February 16, 2012, 13:41 UTC+3
1 pages in this article

On Wednesday Dmitry Medvedev had a meeting with leaders of seven registered parties /where four parties are represented in the parliament/, and promised to continue reforming Russia’s political space. For that, he said, a special working group would be involved in the process of improvement of political reform laws. The president’s next meeting will be with the representatives of the non-system opposition.

One the discussion's results with the party leaders was the establishment of a working group, which will initiate addendums to a package of bills on political reform, Rossiiskaya Gazeta writes. Dmitry Medvedev said that the working group should feature not only the representatives of the registered political forces, but also those who as of yet only try to obtain a political status. Vyacheslav Volodin , first Deputy Head of the presidential administration, will manage the working group.

Vedomosti in its article called “Gives Hope while Leaving” reports that Medvedev said that he “is ready to allow the non-parliamentarian opposition to the work on the political reform laws and on adding details of criminal responsibility for falsifying elections.” “This country has a young and problematic democracy with all its features, which, surely, requires improvement,” the newspaper quotes the president as saying.

One of the innovations, which Medvedev suggested on Wednesday, refers to organization of election campaigns, Nezavisimaya Gazeta reports. He said that representation of political parties in election commissions should be bigger, and that parties should have a right to revoke early their representatives in the commissions, should it be necessary.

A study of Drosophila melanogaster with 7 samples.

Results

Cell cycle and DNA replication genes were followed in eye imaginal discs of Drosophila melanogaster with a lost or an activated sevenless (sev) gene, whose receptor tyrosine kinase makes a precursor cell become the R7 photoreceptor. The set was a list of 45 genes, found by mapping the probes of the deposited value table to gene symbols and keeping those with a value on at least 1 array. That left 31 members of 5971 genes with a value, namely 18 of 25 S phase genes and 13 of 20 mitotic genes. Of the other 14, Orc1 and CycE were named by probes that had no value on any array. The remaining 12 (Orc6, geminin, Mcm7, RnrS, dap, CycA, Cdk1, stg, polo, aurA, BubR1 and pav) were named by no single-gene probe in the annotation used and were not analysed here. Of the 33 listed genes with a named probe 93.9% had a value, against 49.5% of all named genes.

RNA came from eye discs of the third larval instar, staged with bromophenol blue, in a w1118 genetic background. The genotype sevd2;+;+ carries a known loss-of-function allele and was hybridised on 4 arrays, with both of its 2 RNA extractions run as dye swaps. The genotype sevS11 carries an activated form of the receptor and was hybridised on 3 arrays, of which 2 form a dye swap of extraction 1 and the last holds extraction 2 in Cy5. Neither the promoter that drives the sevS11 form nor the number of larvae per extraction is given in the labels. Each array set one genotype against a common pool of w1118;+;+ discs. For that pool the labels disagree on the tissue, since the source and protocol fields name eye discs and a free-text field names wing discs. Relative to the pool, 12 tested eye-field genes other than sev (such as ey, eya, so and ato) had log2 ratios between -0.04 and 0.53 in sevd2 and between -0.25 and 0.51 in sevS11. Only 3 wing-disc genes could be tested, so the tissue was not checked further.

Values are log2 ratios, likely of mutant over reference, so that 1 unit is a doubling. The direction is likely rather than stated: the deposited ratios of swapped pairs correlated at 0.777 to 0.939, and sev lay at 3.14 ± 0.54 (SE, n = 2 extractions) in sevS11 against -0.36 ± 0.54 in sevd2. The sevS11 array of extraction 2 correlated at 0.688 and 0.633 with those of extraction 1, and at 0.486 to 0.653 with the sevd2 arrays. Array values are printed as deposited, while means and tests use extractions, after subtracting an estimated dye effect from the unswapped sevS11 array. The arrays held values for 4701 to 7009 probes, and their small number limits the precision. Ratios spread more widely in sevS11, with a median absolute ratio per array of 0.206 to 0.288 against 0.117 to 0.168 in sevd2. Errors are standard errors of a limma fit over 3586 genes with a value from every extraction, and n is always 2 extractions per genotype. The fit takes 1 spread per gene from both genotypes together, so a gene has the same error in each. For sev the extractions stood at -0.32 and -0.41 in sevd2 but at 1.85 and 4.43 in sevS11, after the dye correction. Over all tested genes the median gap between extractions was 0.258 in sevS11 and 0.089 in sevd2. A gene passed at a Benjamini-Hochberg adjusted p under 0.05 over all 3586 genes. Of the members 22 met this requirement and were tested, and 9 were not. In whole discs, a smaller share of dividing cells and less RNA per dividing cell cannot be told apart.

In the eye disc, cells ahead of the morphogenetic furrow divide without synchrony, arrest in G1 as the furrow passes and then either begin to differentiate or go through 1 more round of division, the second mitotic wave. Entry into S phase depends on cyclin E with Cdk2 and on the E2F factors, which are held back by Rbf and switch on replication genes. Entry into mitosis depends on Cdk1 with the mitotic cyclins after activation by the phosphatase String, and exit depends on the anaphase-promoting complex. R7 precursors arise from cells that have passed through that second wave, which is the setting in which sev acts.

Next week, Medvedev plans to discuss the progress of the political reform with the leaders of non-registered political parties, Komsomolskaya Pravda writes. Invitations were sent to the co-chairman of the Party of People’s Freedom /PARNAS/ Vladimir Pyzhkov, to the leader of the Party of Business and co-owner of Rostselmash Konstantin Babkin and to the leader of the Russian National Union Sergei Baburin.

Kommersant quotes co-chairman of the non-registered Party of People’s Freedom Mikhail Kasyanov as saying that the Kremlin chose Vladimir Ryzhkov from PARNAS’ three co-chairmen because “he is less uncomfortable for Medvedev and for Putin’s team.” Another co-chairman of PARNAS, Boris Nemtsov, told the newspaper that participation “in the dialogue with the president is useful,” but he “does not believe much that Medvedev, as a leaving president, may guarantee a political reform.”

Chairman of Just Russia Nikolai Levichev told RBC daily that as the president had commented on all voiced initiatives he added that he planned to cooperate in the future, too, with participants in that format. “I am not going to leave anywhere, and even more, I am going to run for presidency. And I will be happy to meet you at the debates during the presidential campaign,” he said. “I believe that Medvedev tries to demonstrate that he will remain in the politics. I cannot see big agreed plans here,” Deputy President of the Centre for Political Technologies Alexei Makarkin told the newspaper. According to the expert, “Medvedev’s major problem now is that the political class stopped taking him seriously, and he is trying to change it.”